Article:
Tax Litigation Law Office of Scott Kauffman
(949) 751-6456

Hackney Literary Award
Mighty River Short Story Contest Winner

March 2012 Archives

Certain tax returns more likely to be audited by IRS

At this time of year, taxpayers in California and around the country are hoping to avoid the dreaded tax audit letter. The good news is that the Internal Revenue Service only audits a small percentage of the overall population--currently about 1 percent. The bad news is that audit rates are much higher among certain groups of taxpayers, whose returns single them out for additional IRS scrutiny.

Jury finds California man guilty in tax fraud case

According to the famous quip, taxes are one of the two things you can be certain of in life. But sometimes tax fraud schemes seem to be nearly as ubiquitous as taxes themselves. Earlier this month, a federal jury handed down a guilty verdict against an Orange County man whom prosecutors accused of filing false tax documents on behalf of customers.

Suffering complaints, national tax service declares bankruptcy

Many California taxpayers have undoubtedly seen the television advertisements for large-scale tax firms that promise aggressive representation in tax cases with the Internal Revenue Service. Two of those firms, however, have already gone bankrupt, and a third sought bankruptcy protection this week.

California man faces fraud, witness tampering charges in tax case

A few prior blog posts have warned taxpayers to protect their identities and to beware of unscrupulous return preparers promising unrealistic refunds this tax season. But a story from Southern California involves a tax preparer facing charges far afield from anything we have discussed up to this point.

IRS adds to Fresh Start program to help people pay taxes, Part 2

In our last post, we discussed how some California taxpayers can benefit from a six-month extension to pay taxes this year. But some taxpayers have large debts to the IRS that may take them a significant amount of time to pay off. There are other options that can help these taxpayers, such as installment agreements and offers in compromise. Under the Fresh Start program, the IRS has also announced changes to these options with the goal of helping struggling taxpayers.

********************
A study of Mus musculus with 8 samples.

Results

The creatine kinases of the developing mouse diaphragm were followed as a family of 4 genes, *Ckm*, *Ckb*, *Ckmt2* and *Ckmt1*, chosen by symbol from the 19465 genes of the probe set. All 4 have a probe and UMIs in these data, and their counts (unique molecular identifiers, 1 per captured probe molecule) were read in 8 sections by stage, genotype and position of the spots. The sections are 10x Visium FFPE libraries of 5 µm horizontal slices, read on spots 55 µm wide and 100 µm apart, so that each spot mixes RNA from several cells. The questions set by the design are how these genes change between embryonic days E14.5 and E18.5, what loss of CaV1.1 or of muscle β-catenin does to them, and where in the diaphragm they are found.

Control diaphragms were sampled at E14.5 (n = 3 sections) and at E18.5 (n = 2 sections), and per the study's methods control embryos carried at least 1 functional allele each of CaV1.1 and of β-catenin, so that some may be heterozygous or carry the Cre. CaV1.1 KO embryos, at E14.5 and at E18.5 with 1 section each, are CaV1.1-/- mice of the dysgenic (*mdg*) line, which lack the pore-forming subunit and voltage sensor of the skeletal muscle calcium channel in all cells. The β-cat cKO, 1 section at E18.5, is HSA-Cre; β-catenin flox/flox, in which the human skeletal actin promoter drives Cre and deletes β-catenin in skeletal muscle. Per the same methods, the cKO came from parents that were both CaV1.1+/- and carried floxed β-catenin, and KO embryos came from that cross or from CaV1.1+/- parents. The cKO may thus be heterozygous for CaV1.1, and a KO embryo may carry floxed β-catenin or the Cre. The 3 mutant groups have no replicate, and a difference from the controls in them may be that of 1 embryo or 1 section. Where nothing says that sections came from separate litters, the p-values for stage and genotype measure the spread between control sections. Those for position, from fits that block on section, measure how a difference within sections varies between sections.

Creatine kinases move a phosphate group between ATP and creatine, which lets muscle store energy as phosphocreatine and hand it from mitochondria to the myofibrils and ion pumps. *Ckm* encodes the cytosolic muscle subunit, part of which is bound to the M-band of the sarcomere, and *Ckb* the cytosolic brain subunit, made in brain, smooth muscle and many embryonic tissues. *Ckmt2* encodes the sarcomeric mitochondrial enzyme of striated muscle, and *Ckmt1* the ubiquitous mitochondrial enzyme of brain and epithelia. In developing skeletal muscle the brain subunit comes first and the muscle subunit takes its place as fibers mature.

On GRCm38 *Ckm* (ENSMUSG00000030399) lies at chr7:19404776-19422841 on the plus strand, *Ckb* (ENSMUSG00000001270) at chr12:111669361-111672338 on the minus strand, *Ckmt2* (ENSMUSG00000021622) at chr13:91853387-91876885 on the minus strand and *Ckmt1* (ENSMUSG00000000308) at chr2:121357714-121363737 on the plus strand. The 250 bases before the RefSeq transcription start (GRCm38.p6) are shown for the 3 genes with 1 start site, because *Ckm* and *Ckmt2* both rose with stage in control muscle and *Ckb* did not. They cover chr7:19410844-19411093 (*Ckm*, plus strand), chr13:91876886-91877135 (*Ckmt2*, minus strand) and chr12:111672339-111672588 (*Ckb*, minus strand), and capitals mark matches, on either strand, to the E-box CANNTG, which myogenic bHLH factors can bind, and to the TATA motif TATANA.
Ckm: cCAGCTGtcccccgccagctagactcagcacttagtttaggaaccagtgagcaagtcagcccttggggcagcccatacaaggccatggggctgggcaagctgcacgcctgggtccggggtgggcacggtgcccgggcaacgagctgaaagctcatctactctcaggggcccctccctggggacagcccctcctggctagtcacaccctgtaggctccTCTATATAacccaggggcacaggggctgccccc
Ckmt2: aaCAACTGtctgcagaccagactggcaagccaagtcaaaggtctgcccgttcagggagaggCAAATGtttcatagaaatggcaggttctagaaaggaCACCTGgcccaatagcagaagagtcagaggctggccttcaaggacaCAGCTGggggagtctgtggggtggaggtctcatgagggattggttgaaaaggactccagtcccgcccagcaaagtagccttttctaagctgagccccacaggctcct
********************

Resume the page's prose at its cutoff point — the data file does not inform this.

IRS adds to Fresh Start program to help people pay taxes, Part 1

The deadline to file taxes with the IRS is just over one month away. People can face significant penalties and interest for failing to file returns and failing to pay taxes by the appropriate deadline. But Orange County taxpayers should know that the IRS has initiated new developments this year under its "Fresh Start" program that could ease the burden on those having difficulty filing and paying their taxes.

Additional taxes may apply to early withdrawals from IRAs

The economic downturn of the past few years has caused many people in California and across the country to tighten their belts and watch their budgets carefully. For some people, wages and savings were not enough to cover costs and they unfortunately had to withdraw money from retirement accounts. Under certain conditions, taking funds out of an IRA account can have tax consequences.

IRS warns of fraudulent preparers offering large tax refunds

Many Orange County taxpayers may be anticipating a refund from the IRS this spring. Californians use their refunds for any number of things, including home improvement, paying down debts or making the big purchase they have had their eyes on for a while. Unfortunately, scam artists also look forward to tax season because they hope to defraud honest people out of their hard-earned tax refund.

Complex tax rules await some California taxpayers this year

The legendary complexity of the Tax Code is common knowledge among Californians. While the IRS has taken steps to simplify the tax return process, arcane and difficult rules can come into play for many taxpayers, and mistakes made on returns can lead to contact from the IRS. In addition, the differences between California's tax laws and the federal government's can be enough to confound even the savviest taxpayers.